And, unlike the Mauritania, the QE had stabilizers.
Dear Word Detective: I’m a restaurant manager in a hotel and we try to get some random trivia to our staff about our products, etc. A question came up about where the name “Queen Mary” came from, regarding a large rack on wheels used to move plates or food around, in our case in a hotel, but possibly on the boat of the same name? I can’t locate much of anything, or just too much about all other Queen Marys to sift through. — MJW.
There are indeed a lot of Queen Marys (Queens Mary?) to sift through. There have been three Queens of England named Mary, three of Scotland, one of France, a couple in Hungary, and if we start counting all the queens named Marie or Maria in the world we’ll be here all night.
The “boat” to which you refer is the Cunard Line ocean liner RMS Queen Mary, which was named after Queen Mary of the United Kingdom (1867–1953), consort of King George V. The Queen Mary was launched in 1934, and since its retirement in 1967 has been moored in Long Beach, California, where it serves as a hotel. I’ve never seen the Queen Mary except from a distance, but my sister and I did have the good fortune to accompany our parents across the Atlantic to England aboard the Queen Mary’s slightly younger and slightly larger sister ship, RMS Queen Elizabeth, in 1964. Unfortunately, the Queen Elizabeth, a noble and beautiful ship, burned and sank in Hong Kong in 1975.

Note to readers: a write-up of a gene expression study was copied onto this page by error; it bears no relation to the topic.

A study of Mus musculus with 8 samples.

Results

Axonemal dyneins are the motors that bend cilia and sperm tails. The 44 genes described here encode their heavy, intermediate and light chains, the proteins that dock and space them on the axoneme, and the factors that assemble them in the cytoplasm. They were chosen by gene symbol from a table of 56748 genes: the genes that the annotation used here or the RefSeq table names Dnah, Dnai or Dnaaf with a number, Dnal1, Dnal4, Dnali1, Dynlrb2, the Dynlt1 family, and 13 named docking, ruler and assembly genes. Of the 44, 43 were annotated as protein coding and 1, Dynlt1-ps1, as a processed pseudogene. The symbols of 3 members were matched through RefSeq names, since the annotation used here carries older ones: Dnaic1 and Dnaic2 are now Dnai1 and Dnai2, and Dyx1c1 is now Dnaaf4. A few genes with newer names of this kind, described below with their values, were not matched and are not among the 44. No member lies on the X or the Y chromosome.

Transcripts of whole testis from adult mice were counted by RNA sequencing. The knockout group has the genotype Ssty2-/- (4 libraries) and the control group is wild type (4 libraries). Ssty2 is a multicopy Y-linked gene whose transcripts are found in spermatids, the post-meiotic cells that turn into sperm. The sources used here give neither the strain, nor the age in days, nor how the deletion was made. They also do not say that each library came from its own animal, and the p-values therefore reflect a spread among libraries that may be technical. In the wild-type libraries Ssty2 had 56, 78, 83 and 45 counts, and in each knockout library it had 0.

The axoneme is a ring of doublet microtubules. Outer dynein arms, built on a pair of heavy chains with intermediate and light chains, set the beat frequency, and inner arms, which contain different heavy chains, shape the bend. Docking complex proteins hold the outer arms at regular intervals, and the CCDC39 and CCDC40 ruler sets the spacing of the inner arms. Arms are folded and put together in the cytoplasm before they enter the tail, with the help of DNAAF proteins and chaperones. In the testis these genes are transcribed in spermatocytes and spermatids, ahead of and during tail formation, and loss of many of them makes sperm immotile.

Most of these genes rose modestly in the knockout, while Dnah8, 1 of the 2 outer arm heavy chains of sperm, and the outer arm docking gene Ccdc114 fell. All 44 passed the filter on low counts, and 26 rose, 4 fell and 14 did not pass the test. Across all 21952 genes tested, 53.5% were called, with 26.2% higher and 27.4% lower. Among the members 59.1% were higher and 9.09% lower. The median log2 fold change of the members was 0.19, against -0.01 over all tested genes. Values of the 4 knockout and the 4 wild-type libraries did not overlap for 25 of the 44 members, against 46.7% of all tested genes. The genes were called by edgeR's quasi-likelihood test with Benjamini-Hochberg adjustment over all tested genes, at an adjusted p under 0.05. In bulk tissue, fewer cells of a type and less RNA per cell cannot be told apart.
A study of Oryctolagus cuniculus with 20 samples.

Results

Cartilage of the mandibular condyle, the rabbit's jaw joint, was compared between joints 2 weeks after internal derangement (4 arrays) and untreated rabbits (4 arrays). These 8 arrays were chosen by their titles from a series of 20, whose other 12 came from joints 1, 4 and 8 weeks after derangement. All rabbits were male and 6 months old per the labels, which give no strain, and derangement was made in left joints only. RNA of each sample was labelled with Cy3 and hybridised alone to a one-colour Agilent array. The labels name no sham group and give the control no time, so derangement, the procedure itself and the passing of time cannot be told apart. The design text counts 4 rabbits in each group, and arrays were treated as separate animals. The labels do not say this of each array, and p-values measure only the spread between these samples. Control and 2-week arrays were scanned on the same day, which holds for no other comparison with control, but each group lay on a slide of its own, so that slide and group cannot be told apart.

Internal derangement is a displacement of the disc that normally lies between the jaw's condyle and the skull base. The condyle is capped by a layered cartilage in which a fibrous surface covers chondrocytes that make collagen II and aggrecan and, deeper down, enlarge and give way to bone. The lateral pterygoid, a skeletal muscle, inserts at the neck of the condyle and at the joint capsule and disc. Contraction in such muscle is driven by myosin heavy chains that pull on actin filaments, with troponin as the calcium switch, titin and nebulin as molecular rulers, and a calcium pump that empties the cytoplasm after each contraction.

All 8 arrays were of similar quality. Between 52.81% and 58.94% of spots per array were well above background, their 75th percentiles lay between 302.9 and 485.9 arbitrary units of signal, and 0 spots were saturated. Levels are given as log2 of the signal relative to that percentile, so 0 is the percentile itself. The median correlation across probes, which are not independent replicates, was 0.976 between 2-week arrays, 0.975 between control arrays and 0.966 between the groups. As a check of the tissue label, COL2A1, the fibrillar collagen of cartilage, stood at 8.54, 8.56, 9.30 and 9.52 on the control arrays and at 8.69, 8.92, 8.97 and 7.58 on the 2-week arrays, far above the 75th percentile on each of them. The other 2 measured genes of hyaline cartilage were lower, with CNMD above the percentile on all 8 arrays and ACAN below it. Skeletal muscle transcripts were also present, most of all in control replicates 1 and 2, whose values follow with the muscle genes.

In the all-too-brief postwar heyday of transatlantic ocean travel, the Queen Elizabeth and the Queen Mary, which often passed each other mid-journey, held a position of prominence in popular culture never matched by any other form of transport since. They were floating cities, invoking luxury, style, and the lure of exotic foreign ports in a period when jet airliners and mass air travel was only just getting off the ground. They were also enormous (the Queen Mary was more than 1,000 feet long and 181 feet high) and made a handy figure of speech for anything larger than one would expect. I remember, as a child, hearing anything deemed unusually large and difficult to maneuver (a Cadillac limousine, for example) being humorously likened to the Queen Mary (“Nice car. Where do you dock her?”).
It’s this sense of “large” and “long” that underlies the use of “Queen Mary” as a term for a restaurant cart for carrying many plates. The name for the cart is actually drawn from “Queen Mary” as a slang term for a long, low road trailer used to transport aircraft during World War II, later applied to any sort of low flatbed trailer. It’s unclear when “Queen Mary” was first applied to restaurant carts, but given that the term had to make sense to the first folks who used it (i.e., they had to be at least familiar with the “Queen Mary” road trailers, if not the ship), I would guess that it was in common use, at the latest, by the 1960s.